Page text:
Didion’s concern with aesthetics and moral truth extends throughout her writings. Her career has been marked by an almost-even oscillation between fiction and nonfiction. Each of her four novels and three works of nonfiction stringently examines both the broad social panorama and its impact on individual lives. Individuality, continually assailed by forces outside it, forms the core of many of her writings.
Since the publication of her first novel, Run River, in 1963, Didion has developed into one of the most distinctive and important voices in American letters. Her essays and reviews appear in major newspapers and periodicals, and one measure by which the esteem with which her work is held can be gauged is how frequently her works are anthologized and taught in college classes.
In many of her works, especially Slouching Towards Bethlehem and her novel Play It As It Lays (1970), Didion reveals an awareness of and sympathy with existential thought. She knows the existentialist’s feelings of rootless anxiety and dread, and like the existentialist she has faced the void of existence and returned determined to make something of life. Furthermore, she realizes that the world is not an ordered place; events often occur randomly and chaotically but, also like the serious existentialist, Didion believes that the meaning of life lies in individual decisions. Her determination to view existence through the lens of commitment and responsibility demonstrates her belief that existence need not be meaningless.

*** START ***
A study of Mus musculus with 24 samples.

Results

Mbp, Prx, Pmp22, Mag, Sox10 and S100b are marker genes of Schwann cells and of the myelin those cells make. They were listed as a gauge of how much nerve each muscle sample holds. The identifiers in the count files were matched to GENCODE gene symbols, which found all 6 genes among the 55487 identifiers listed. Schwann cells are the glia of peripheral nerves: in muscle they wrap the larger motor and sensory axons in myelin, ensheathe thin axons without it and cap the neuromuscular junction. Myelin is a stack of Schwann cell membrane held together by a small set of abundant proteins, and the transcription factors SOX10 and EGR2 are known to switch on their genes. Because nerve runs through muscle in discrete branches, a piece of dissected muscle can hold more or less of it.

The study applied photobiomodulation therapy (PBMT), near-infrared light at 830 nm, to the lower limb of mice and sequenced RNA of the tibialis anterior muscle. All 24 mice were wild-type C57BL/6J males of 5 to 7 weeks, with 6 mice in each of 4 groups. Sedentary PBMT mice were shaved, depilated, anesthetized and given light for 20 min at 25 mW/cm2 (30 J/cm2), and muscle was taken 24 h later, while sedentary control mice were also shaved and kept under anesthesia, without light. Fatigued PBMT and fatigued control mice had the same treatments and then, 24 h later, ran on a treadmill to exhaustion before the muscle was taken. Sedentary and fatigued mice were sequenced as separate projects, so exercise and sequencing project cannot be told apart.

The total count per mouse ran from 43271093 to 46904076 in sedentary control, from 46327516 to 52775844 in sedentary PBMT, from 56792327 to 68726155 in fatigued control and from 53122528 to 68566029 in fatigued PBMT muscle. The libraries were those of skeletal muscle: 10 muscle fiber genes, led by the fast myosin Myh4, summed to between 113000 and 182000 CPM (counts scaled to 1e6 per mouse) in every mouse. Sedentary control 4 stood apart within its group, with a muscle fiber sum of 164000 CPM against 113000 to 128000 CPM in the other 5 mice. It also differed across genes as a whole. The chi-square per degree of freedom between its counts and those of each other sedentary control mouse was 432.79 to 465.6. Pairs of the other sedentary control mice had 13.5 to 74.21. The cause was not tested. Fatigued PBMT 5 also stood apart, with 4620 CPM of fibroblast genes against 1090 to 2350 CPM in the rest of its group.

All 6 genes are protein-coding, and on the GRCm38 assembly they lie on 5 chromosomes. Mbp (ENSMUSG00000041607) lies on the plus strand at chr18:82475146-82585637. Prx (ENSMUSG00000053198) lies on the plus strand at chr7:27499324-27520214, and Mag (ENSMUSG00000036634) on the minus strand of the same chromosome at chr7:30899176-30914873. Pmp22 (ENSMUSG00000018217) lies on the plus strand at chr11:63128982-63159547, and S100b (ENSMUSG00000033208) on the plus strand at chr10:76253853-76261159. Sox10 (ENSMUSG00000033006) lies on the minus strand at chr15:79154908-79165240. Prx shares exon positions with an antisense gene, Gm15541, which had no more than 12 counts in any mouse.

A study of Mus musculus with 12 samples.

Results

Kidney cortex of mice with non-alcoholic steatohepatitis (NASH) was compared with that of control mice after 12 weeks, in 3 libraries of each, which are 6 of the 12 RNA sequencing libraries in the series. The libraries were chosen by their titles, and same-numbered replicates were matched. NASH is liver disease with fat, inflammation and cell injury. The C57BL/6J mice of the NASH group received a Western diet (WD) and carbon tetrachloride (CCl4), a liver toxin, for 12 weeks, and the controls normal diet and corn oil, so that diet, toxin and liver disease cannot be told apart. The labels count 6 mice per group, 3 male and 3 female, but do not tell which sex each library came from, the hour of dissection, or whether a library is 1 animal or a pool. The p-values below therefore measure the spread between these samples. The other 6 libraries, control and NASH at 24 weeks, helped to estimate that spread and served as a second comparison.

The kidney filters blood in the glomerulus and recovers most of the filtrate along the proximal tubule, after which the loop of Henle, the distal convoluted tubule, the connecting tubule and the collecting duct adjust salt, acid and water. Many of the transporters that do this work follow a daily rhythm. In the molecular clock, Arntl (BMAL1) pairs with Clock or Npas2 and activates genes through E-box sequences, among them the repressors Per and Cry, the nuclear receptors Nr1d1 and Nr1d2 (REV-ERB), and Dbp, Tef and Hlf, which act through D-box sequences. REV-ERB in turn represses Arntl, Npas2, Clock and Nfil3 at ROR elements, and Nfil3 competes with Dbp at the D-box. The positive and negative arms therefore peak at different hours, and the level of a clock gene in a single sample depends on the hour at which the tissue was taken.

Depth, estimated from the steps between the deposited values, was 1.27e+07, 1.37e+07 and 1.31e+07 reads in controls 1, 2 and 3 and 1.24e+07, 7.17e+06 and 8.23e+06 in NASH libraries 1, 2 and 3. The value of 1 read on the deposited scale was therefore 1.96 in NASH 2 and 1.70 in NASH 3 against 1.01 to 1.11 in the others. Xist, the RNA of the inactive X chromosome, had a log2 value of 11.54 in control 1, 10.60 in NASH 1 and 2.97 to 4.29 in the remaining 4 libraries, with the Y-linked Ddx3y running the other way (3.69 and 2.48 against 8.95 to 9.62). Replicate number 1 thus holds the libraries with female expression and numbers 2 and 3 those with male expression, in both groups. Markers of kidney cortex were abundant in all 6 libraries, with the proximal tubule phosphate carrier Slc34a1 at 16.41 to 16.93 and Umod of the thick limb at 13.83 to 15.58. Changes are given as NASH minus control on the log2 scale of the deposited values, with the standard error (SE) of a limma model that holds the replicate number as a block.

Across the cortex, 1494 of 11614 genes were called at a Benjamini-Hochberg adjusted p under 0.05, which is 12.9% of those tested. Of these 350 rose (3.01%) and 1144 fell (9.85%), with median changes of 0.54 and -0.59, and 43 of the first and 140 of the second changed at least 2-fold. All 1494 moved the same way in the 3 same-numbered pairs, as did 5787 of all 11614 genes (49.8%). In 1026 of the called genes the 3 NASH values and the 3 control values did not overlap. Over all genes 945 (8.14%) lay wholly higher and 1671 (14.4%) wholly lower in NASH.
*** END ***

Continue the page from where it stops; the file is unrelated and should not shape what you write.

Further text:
With each publication, Didion’s stature has risen. One of her critics has described her as an “antiromantic realist”; as such Didion often holds a glass up to her times and scrutinizes what she finds there. Her vision is not always a popular or comfortable one, but it remains unflinching in its search for truth.